A Cook Uses His Noodle
Once the owner of a respected soba restaurant, Mr. Chigo now takes calls from people who want to come to his house for lunch. In his home, on one of the tortuous roads in the mountains of Fukui Prefecture, Japan, he has set up three tables in a room connected to his garage, where scrolls printed with haikus about soba line the walls. In one corner of the room, a book lays open, its pages half-filled with customers’ written ruminations on the noodle.
To eat here, you must reserve at least a day in advance, not because of buzz, but because Chigo needs time to make your meal. He must mill flour from buckwheat that grows in a small plot across the street, yank daikon radish from the ground beside his gravel driveway, and amble up the road to dig up wasabi root.
For the main part of the meal, Chigo serves Echizen oroshi soba, the style of the buckwheat noodle favored in Fukui Prefecture. His noodles are slick, irregular lengths, darker and more intensely flavored than most soba. When he emerges from his kitchen bearing bowls of soba on small lacquer trays, he directs you to swoosh the noodles with chopsticks through a cool mixture of smoky dashi stock and sweet grated daikon radish. Dainty cups of soba-yu, the nutritious water in which your soba was boiled, come alongside for you to drink like tea.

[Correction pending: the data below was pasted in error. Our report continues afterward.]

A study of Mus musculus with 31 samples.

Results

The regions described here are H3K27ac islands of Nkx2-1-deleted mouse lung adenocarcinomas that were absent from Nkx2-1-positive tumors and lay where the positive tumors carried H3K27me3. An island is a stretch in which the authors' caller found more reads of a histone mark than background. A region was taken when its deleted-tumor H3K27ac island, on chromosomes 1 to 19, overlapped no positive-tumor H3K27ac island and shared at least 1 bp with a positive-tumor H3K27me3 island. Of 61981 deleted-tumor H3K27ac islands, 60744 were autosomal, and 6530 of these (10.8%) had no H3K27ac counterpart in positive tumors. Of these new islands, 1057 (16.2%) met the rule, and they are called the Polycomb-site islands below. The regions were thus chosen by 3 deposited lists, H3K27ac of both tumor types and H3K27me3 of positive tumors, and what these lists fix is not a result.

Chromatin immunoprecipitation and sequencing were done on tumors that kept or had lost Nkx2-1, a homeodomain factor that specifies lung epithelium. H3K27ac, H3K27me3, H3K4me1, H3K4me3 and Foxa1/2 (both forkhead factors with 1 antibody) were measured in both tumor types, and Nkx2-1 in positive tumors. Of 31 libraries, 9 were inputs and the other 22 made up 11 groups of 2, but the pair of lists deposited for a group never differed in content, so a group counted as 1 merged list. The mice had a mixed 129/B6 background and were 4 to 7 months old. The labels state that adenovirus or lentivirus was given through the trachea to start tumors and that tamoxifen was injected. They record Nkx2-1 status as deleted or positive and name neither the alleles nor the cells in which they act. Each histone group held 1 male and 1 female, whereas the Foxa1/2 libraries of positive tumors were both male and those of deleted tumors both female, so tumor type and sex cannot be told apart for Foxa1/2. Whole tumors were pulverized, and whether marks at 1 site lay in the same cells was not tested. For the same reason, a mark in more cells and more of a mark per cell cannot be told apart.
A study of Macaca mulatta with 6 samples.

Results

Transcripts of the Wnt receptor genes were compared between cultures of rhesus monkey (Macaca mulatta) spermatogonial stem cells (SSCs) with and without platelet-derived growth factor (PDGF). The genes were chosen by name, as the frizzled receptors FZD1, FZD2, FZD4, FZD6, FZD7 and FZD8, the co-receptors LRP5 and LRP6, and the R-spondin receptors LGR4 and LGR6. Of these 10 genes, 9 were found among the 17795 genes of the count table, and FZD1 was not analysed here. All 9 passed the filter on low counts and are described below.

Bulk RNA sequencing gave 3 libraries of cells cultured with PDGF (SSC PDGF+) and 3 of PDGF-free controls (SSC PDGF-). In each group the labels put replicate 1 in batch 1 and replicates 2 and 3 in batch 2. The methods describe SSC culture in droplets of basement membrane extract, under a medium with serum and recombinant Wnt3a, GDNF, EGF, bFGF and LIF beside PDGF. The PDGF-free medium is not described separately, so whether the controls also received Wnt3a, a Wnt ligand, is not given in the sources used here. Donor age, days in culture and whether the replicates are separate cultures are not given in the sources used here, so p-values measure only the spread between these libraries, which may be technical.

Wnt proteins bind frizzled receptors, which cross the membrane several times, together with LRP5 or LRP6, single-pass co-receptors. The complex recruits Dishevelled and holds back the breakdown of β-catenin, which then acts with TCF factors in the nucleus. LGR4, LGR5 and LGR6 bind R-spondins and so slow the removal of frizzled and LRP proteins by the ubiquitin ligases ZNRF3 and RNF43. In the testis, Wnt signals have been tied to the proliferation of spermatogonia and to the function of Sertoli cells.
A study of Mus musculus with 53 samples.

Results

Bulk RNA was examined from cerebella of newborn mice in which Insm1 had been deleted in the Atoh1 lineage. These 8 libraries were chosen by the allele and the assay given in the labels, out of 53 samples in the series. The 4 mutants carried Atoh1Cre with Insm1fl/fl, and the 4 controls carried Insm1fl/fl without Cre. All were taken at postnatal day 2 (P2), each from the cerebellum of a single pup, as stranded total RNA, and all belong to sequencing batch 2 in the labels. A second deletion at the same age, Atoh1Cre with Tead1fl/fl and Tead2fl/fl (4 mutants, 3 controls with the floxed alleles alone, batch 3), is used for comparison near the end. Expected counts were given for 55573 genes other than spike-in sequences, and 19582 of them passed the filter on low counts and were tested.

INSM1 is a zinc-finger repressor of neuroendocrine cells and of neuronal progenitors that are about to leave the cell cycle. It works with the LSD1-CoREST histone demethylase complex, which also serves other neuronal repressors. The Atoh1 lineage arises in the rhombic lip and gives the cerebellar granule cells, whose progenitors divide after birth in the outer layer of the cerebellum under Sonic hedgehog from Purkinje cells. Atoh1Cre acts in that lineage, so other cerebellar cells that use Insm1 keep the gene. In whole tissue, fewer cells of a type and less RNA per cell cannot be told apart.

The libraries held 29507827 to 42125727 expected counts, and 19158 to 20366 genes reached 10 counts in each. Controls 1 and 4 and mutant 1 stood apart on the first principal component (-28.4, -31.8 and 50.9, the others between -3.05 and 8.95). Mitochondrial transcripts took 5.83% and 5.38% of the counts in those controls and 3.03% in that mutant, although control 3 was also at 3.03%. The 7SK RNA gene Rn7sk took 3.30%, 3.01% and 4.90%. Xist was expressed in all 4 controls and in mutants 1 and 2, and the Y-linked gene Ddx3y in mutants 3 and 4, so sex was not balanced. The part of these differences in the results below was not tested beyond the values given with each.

The meal ends with savory sobagaki, a word that usually means soba dumplings. Here, however, it refers to soba dough flattened into a pancake and cooked over high heat until the outside is crisp and blistered and the inside dense and soft. Sliced into strips, the unusual snack is to be dipped in soy sauce mixed with freshly grated wasabi, which is more sweet than scorching.
The meal is priceless, but last I heard, Mr. Chigo was charging about 300 yen per person — less than three bucks.